The city has incredible history, architecture, people, bars, tradition, and...food. Our first experience with a semi-New Orleans native was on our flight from Denver to New Orleans on Thursday (February 24th). Our co-passenger gave us 2 hours of tips. Yep, he just didn't stop. He told us restaurants to go to, bars to check out, bars not to check out, the reputable strip clubs and suggested we call him to use his limo service (we didn't though.)
Friday morning Adam had a presentation then we were off to explore the French Quarter before meeting up with his boss and other conference attendees for dinner. First stop, lunch.
What: The Gumbo Shop
Where: 630 St. Peter St.
Honey's Heart: Alligator!
I was so hungry by the time we began walking around (11am) that I needed some food. Plus we were seeing people with drinks so I was feeling behind, but I knew it would be bad to start on an empty stomach. Of course, being in New Orleans, we needed to go somewhere known for their gumbo, jambalaya, and creole. This particular spot was recommended by the man on the plane and the websites I had checked out before our trip.
The waitress recommended we start with the alligator sausage, which was awesome!
For some reason (cause they live mostly in water?) I was expecting it to be fish-like, but it was more similar to a chicken sausage and I think I liked it more...Definitely worth trying. Even if just for the novelty of it.
For our main dishes I chose the Shrimp Creole ($12.99) and Adam went with the Chicken Andouille Gumbo ($7.99). These were pretty much what I expected and both very good.
I did find throughout our trip that these aren't the most complex dishes to make and it's such a traditional/common meal that there is no real need to spend a lot of money on them. They're pretty similar anywhere you go. As one man at dinner told us, "It's New Orleans, pretty much everywhere in this city can make a good etouffee, creole, jambalaya..."
Post lunch, we walked through St. Peter's Square, stopped in a voodoo shop, and wandered back to Bourbon Street where we decided it was time (1:30pm) to have a Hurricane to-go.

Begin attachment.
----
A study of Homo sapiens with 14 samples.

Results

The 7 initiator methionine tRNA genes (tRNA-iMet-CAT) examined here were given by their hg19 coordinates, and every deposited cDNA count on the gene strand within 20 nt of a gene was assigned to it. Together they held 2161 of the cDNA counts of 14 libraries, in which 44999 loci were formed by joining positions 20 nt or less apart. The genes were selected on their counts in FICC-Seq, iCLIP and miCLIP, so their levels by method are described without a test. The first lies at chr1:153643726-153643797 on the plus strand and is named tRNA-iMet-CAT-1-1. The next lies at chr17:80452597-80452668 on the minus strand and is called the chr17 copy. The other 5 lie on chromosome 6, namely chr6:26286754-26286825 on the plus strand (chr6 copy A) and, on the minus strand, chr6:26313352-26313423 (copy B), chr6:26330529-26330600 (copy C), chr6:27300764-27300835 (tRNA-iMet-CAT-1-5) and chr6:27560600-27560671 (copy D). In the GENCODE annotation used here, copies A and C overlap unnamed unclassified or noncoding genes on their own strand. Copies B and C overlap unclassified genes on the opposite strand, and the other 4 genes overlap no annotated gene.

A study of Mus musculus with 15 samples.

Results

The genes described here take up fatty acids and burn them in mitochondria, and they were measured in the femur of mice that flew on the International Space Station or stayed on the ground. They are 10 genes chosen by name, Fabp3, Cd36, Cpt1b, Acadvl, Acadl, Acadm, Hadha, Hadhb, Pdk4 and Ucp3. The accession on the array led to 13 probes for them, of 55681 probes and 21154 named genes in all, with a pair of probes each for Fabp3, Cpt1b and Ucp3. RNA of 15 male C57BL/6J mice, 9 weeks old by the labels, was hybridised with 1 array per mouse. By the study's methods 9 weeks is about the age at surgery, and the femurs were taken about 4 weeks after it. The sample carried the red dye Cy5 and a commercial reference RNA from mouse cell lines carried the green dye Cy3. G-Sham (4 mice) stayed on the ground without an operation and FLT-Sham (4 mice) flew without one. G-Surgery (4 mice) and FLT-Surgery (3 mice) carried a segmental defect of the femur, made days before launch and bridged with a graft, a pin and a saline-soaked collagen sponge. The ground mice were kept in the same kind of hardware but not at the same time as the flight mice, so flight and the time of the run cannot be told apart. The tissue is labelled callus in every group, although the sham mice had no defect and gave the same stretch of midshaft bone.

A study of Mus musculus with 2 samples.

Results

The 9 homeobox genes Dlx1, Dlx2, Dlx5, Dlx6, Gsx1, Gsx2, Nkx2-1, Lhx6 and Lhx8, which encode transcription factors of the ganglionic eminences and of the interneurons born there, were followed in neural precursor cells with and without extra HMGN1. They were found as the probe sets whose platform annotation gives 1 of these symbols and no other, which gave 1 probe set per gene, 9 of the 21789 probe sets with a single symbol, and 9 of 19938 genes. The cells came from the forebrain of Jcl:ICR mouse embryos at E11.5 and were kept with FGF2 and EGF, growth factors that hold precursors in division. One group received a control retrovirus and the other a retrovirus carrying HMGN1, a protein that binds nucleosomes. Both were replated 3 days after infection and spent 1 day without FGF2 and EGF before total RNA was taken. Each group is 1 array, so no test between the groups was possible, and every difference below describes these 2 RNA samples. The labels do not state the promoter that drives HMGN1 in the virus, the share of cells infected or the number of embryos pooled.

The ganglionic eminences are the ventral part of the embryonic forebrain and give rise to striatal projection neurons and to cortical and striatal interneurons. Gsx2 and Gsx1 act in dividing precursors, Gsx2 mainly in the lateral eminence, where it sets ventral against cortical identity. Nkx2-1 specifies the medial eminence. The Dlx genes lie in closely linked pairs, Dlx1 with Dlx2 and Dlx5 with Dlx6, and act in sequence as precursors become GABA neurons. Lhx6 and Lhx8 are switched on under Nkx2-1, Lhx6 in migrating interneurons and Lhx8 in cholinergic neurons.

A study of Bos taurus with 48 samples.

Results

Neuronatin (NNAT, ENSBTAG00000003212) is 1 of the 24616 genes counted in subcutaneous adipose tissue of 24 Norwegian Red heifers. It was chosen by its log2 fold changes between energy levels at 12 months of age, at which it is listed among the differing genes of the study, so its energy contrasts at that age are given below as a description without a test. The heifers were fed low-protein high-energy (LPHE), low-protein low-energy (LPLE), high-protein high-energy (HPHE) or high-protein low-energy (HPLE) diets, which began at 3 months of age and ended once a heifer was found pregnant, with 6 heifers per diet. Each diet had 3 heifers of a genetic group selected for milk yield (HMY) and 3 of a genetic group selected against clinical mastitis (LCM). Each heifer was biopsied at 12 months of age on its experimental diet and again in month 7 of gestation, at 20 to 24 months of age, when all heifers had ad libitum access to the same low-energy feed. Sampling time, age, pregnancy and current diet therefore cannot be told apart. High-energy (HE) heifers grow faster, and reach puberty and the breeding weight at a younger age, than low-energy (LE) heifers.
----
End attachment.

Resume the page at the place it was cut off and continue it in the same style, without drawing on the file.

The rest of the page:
What: Pat O'Brien's
Where (Bar & Piano Lounge): 718 St. Peter
Where (Restaurant & Bar): 624 Bourbon St.
Honey's Heart: Their flaming fountain on the back patio!
There are many places to get drinks to go on Bourbon Street, but we chose Pat O'Brien's since it's famous for their Hurricane. In 1933 Pat O'Brien turned his speakeasy into a legitimate bar after prohibition. In the post-prohibition times, whiskey, scotch and bourbon were hard to come by, so in order to get even the smallest quantities of those, liquor salesmen required bar owners to purchase large quantities (50+ cases) of the more readily available liquor: rum. In order to deal with these large quantities of rum, bartenders created the ever so popular Hurricane.
4 oz Dark Rum
4 oz Pat O's Hurricane Mix (yep, top secret)
Garnish with Orange and Cherry
Also offering a dueling piano bar and a fountain that is lit on fire at night, this bar is not only a long time establishment for the regulars, but now a tourist hot spot. We definitely ended up here Saturday night also (it's where we found some foreign friends.)
Now I wouldn't say it was my favorite drink ever, I don't particularly like rum or sweet drinks, but I did like that it has 4 shots in it and one drink got me pretty tipsy!
Next on our agenda was a nap, then a work dinner.
What: GW Fins
Where: 808 Bienville St.
Honey's Heart: A bottle of wine to go at the end of dinner!
GW Fins is also located in the French Quarter and known for their seafood. This dinner is a little harder to review since it was a pre-selected menu with limited choices, no pricing, and I'm not even sure the items are on their regular menu, which changes regularly anyway so I suppose it doesn't matter!
We started with lobster dumplings, crab cakes and grilled prawns. Lobster dumplings lacked flavor, but the mini crab cakes and grilled prawn were fabulous. Adam and I were lucky enough to sit at a table of 8 where 3 people didn't eat seafood at all. This meant that I ate a lot of prawns.
Our appetizers were followed by a salad and then the choice of a steak, scallop or chicken main dish. Adam chose the steak and I chose the scallops, perfect selections so we could share. The steak was alright, but nothing compared to our dinner the next night (coming up in New Orleans, LA Part 2) and the scallops were good, but coming from the NW it's hard to beat some of the seafood I've had in Seattle and Portland.
Finally we were served a bread pudding-esque dessert which I wasn't a fan of and already too full for anyway! Of course this whole time wine glasses were being refilled regularly.
Bonus: There was an unfinished bottle of red at the end of dinner and the waiter stuck a cork in it, put it in a plastic bag, and sent it home with Adam and I. Thanks!
Stay tuned for New Orleans Part 2 and 3!!